Democrats are so convinced that New York Gov. Andrew Cuomo could be considered for Joe Biden's attorney general that aides at the National Governors Association, which Cuomo chairs, are looking into contingencies for replacing him, two sources familiar with the situation tell Axios.

What we're hearing: Some Democratic donors in Cuomo's orbit tell Axios that the governor is being pushed for the job and that Biden would consider him, based on their long friendship.


Why it matters: The AG would be among the most politically sensitive — and high-profile — jobs in a Biden administration.

  • The Justice Department will face pressure to investigate Trump-era officials — and perhaps Trump himself — for wrongdoing in office.
  • Biden's AG also would manage the federal response to police violence, social unrest and systemic racism, and the AG could seek to use federal powers to blunt state abortion restrictions.

What they're saying: Cuomo's team denies that the governor has any interest in serving in a potential Biden Cabinet.

  • "100% he's made zero outreach, has had zero conversations about this and has made his desire to stay in New York clear as day and be governor as long as people want him," Cuomo's senior adviser Richard Azzopardi tells Axios.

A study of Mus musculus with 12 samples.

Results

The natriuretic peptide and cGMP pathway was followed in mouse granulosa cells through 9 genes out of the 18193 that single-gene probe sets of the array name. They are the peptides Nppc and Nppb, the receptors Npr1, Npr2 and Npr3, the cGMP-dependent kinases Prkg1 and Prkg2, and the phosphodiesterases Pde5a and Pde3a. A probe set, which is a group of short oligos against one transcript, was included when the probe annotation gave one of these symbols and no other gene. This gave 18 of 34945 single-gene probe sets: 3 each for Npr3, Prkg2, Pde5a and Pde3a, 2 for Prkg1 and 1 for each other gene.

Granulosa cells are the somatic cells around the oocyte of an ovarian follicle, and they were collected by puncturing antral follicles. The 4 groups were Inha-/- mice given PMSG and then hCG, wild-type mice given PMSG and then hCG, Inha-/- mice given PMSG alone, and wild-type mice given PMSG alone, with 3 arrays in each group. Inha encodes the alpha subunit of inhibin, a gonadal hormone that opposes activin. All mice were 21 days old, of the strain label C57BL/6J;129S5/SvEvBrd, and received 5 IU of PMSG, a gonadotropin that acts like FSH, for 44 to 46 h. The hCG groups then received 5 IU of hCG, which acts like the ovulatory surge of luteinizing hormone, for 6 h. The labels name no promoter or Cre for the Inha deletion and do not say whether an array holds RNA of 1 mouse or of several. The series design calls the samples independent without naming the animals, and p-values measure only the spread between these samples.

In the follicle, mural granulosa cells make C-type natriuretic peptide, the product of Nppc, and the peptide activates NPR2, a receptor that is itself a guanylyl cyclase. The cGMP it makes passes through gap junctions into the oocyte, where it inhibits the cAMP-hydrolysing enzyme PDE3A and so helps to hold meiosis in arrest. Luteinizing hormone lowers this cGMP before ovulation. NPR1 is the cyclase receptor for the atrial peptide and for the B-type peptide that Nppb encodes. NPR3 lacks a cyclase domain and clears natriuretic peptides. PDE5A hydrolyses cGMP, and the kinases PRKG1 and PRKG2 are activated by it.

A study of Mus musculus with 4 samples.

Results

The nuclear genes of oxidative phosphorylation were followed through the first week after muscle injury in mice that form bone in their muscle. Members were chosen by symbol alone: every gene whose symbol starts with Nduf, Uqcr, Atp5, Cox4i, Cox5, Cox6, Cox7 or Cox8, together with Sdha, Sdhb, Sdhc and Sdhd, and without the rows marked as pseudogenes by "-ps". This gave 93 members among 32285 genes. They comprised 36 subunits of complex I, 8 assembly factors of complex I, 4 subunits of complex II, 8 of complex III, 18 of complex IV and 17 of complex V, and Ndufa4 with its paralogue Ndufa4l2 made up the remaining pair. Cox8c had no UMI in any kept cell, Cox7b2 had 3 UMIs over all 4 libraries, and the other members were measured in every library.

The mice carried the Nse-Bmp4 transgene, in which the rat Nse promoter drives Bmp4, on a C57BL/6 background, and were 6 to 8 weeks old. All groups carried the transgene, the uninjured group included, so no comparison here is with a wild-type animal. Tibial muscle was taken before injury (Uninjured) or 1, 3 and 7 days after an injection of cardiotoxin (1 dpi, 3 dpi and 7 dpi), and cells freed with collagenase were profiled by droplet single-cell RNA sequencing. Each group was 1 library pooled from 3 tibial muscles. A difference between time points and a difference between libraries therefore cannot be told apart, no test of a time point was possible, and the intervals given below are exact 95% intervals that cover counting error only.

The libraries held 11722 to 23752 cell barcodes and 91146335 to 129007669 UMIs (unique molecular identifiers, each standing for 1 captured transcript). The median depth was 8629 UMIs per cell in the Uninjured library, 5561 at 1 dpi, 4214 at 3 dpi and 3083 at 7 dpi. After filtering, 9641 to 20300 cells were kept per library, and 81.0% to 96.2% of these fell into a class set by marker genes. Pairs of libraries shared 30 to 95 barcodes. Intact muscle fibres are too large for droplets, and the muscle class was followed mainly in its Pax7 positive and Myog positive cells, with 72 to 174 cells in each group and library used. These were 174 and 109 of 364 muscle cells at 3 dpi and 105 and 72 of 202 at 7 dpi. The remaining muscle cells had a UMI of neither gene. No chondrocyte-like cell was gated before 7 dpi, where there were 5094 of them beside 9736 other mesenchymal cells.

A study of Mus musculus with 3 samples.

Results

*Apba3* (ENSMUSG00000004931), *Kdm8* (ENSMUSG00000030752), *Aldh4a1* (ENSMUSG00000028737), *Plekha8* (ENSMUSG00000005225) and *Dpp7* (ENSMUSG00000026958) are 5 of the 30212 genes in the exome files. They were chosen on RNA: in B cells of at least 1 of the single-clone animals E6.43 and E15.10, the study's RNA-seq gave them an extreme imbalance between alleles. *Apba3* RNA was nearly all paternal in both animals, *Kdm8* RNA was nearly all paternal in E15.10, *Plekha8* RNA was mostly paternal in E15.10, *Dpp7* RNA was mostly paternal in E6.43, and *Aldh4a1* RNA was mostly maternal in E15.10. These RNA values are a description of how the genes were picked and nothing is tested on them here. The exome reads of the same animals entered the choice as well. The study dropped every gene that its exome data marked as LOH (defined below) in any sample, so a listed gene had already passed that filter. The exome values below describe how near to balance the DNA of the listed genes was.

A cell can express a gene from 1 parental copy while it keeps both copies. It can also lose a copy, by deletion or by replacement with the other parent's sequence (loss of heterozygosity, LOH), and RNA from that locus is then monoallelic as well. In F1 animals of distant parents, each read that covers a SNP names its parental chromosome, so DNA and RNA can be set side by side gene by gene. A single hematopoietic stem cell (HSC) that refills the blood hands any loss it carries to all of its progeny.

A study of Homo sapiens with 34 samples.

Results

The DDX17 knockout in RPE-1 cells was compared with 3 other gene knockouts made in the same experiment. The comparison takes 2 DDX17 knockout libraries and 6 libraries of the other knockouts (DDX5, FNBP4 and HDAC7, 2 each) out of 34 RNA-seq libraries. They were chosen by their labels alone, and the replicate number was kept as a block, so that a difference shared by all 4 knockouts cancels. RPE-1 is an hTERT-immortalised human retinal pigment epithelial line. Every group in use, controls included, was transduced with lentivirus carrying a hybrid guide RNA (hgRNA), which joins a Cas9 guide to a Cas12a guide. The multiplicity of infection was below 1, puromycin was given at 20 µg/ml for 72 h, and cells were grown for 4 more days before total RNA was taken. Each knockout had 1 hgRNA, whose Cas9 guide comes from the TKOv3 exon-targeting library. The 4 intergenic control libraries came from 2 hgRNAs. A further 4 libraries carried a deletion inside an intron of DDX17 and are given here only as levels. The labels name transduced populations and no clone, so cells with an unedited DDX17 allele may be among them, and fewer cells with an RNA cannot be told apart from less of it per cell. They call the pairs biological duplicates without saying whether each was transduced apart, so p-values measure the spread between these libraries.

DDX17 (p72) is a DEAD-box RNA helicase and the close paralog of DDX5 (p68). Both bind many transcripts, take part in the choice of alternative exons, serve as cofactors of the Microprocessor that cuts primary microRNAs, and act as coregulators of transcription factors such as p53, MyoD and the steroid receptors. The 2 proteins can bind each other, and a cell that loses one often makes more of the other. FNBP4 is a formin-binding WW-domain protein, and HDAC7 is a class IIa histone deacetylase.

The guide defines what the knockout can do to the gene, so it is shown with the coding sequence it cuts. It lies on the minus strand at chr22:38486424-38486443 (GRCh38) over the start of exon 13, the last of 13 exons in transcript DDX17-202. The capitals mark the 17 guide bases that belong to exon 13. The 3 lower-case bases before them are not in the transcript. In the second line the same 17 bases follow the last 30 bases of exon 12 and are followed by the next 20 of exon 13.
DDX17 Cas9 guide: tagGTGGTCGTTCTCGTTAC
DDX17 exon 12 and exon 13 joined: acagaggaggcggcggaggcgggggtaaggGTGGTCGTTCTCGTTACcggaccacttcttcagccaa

Between the lines: Biden is clearly fond of Cuomo, but he's also committed — and under pressure — to name a racially and gender-diverse Cabinet, including the marquee posts.

  • Names like former acting AG Sally Yates and Stacey Abrams are also likely on a list of AG candidates.

The big picture: Cuomo, who previously served as New York's AG, has a long history with Biden.

  • Through his late father Mario, Cuomo's known Biden since the 1980s. The two grew closer during the Hurricane Sandy reconstruction efforts and Cuomo's time serving in Bill Clinton's Cabinet as secretary of Housing and Urban Development.
  • People who know their relationship say Biden sees parts of himself in the 62-year-old.
  • "When one of them needs something, it’s automatic,” says a person familiar with their relationship. “It’s not a calculation.”

2020 early voting has already reached 61% of 2016's total turnout




Thursday's deluge of Big Tech earnings reports showed one thing pretty clearly: COVID-19 may be bad in all sorts of ways, but it's not slowing down the largest tech companies. If anything, it's helping some companies, like Amazon and Apple.

Yes, but: With the pandemic once again worsening in the U.S. and Europe, it's not clear how long the tech industry's winning streak can last.


Texas' early and mail-in voting totals for the 2020 election have surpassed the state's total voter turnout in 2016, with 9,009,850 ballots already cast compared to 8,969,226 in the last presidential cycle.

Why it matters: The state's 38 Electoral College votes are in play — and could deliver a knockout blow for Joe Biden over President Trump — despite the fact that it hasn't backed a Democrat for president since 1976.